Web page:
Signs and lesions of water hemlock poisoning:

  • Nervousness
  • Excessive salivation and frothing
  • Muscle twitching
  • Dilation of the pupils
  • Rapid pulse
  • Rapid breathing
  • Tremors
  • Violent convulsions, grand mal seizures
  • Coma
  • Death may occur as early as 15 minutes after a lethal dose is consumed
  • No significant gross lesions

Water hemlock (Cicuta douglasii) is the most violently toxic plant that grows in North America. Only a small amount of the toxic substance in the plant is needed to produce poisoning in livestock or in humans. The toxin, cicutoxin, acts on the central nervous system and is a violent convulsant.

Water hemlock may be confused with poison hemlock because of their similar flowers. However, these two are different plants and cause different types of poisoning. (See poison hemlock chapter in this fact sheet.)

The underground portions of the plant, especially the tuberous roots, are very toxic. People are sometimes poisoned by eating the roots, which they mistake for wild parsnip.

In cases of water hemlock poisoning in humans, take the affected person to the emergency room of the nearest hospital immediately. Call poison control and seek emergency treatment immediately.

Cattle have been known to eat lethal amounts of water hemlock in pastures having adequate forage; therefore, animals should be prevented from grazing over water hemlock-infested areas. Animals have been poisoned by eating roots that have been brought to the surface by plowing or cleaning ditches.

The toxic substance in water hemlock is cicutoxin, a highly poisonous unsaturated alcohol that has a strong carrot-like odor. It is found principally in the tubers but is also present in the leaves, stems, and immature seeds. Leaves and stems lose most of their toxicity as they mature.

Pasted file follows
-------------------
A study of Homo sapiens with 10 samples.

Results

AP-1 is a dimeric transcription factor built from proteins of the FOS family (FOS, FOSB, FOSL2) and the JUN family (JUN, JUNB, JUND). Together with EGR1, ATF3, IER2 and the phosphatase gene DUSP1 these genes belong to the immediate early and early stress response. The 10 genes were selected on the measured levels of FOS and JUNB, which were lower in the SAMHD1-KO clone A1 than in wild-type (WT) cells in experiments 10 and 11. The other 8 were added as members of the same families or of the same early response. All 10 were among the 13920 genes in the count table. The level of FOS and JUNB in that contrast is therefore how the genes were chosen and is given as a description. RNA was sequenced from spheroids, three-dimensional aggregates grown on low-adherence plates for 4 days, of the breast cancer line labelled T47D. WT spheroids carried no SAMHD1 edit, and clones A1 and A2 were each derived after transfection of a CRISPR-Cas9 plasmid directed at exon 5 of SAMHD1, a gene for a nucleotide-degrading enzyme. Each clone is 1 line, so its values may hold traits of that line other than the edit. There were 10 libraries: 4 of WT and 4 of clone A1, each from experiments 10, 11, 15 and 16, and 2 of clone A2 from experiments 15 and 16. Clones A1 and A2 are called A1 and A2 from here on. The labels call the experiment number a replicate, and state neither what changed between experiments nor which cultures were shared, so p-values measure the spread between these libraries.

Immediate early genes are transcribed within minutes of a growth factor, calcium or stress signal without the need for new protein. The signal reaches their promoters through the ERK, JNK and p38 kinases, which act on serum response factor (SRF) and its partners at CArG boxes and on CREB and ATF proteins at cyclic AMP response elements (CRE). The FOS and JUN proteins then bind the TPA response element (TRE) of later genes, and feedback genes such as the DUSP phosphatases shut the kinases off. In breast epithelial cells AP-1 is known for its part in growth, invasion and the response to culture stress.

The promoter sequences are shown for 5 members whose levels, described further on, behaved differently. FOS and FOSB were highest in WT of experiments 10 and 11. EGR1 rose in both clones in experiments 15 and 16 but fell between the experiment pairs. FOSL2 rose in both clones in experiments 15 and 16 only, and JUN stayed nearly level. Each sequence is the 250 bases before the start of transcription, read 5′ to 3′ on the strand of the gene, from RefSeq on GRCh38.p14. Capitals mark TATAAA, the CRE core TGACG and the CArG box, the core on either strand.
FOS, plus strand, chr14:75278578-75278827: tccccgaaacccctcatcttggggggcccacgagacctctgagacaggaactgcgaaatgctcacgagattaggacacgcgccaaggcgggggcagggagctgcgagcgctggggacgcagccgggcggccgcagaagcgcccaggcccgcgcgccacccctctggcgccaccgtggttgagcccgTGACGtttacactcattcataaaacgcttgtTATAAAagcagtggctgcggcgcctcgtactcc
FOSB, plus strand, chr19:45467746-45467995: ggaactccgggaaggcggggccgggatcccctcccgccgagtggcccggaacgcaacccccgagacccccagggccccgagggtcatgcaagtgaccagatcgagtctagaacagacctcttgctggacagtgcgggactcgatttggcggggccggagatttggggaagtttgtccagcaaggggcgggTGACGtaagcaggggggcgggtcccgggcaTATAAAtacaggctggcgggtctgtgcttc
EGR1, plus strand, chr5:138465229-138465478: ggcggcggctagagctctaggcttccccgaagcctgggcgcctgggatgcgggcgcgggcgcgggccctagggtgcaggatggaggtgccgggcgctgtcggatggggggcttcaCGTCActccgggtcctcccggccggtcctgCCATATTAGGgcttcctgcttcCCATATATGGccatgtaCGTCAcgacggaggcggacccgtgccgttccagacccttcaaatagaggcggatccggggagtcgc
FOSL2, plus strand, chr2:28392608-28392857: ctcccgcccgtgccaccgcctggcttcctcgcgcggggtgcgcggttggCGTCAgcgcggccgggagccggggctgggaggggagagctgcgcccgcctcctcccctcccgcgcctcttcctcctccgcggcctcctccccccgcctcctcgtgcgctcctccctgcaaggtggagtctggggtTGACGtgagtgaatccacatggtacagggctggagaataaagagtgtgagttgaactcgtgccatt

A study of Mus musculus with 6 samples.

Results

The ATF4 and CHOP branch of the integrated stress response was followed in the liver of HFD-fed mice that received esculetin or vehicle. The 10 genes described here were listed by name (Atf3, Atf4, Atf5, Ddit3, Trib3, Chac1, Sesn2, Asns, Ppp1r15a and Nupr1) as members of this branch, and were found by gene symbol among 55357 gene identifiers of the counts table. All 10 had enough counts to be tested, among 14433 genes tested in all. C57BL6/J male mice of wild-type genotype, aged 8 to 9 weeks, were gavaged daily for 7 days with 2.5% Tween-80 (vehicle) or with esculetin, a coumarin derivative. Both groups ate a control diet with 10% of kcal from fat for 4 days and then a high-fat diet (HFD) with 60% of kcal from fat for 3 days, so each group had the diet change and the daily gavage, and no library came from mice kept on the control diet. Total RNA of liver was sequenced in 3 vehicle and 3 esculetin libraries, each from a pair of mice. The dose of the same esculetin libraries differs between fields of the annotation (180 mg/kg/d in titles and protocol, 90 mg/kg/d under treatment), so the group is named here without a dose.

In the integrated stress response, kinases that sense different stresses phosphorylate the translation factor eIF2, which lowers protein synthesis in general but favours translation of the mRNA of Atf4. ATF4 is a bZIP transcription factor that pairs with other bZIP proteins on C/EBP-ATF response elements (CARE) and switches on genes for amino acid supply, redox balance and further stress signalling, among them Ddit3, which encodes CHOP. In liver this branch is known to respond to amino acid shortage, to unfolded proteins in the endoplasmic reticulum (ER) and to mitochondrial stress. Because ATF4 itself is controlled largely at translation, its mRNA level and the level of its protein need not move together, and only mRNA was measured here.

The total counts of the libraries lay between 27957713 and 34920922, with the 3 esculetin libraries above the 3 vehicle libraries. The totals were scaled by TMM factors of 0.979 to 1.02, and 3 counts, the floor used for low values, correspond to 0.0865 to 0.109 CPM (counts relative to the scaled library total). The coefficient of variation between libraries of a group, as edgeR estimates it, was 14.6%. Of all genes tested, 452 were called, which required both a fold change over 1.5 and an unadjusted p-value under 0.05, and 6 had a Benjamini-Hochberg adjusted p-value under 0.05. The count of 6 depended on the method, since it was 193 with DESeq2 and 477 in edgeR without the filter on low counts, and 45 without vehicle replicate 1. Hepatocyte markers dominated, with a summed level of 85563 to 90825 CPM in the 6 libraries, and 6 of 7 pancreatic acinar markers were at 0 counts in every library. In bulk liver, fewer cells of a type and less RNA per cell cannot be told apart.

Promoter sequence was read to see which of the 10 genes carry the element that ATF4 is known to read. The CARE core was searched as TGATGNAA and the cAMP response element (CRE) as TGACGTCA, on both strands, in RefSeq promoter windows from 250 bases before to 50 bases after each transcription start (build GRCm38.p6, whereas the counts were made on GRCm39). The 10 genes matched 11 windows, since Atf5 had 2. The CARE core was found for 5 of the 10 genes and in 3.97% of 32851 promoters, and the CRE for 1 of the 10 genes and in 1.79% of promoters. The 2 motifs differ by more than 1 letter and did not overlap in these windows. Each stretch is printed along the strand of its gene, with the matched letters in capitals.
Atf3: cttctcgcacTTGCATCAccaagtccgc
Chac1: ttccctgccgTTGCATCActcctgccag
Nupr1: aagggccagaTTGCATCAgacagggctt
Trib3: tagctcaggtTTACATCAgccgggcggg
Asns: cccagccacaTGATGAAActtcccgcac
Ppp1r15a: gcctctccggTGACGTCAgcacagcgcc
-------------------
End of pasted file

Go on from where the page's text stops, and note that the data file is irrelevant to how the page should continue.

Where and when water hemlock grows:

Water hemlock is most commonly found growing in wet meadows and pastures and along stream banks. It starts growing in spring. Water hemlock usually flowers in June or July.

How water hemlock affects livestock:

Livestock usually show signs of poisoning 15 minutes to 6 hours after eating the plant. They develop violent convulsions and may die within 15 minutes to 2 hours after signs appear.

How to reduce loss:

The toxic substances act so rapidly that an affected animal can seldom be saved. Treatment consists of preventing seizures with barbiturates or tranquilizers and supporting respiration. Gastric lavage, activated charcoal, or saline cathartic may be helpful. Seek immediate medical or veterinary treatment.

To reduce losses, keep animals away from places where water hemlock grows. Prevent water hemlock poisoning in livestock by carefully surveying pastures and ranges at a time when the plant can be identified, and eradicate it.

The plants, which usually grow in small patches, are easy to locate. They can be eradicated by spraying or grubbing. Actively growing plants can be controlled with 2,4-D at 2 lbs. ae/acre. Repeat spray treatments until eradication is complete. The stems and leaves of water hemlock increase in palatability immediately after being sprayed with herbicide. Therefore, keep animals away from treated plants for 3 weeks after spraying. Most losses occur early in the spring or after the plants have been sprayed with 2,4-D.

Note: If grubbing the water hemlock, use gloves and be careful to get all of the plant, including roots. Gather and burn every part, don’t leave tubers lying around.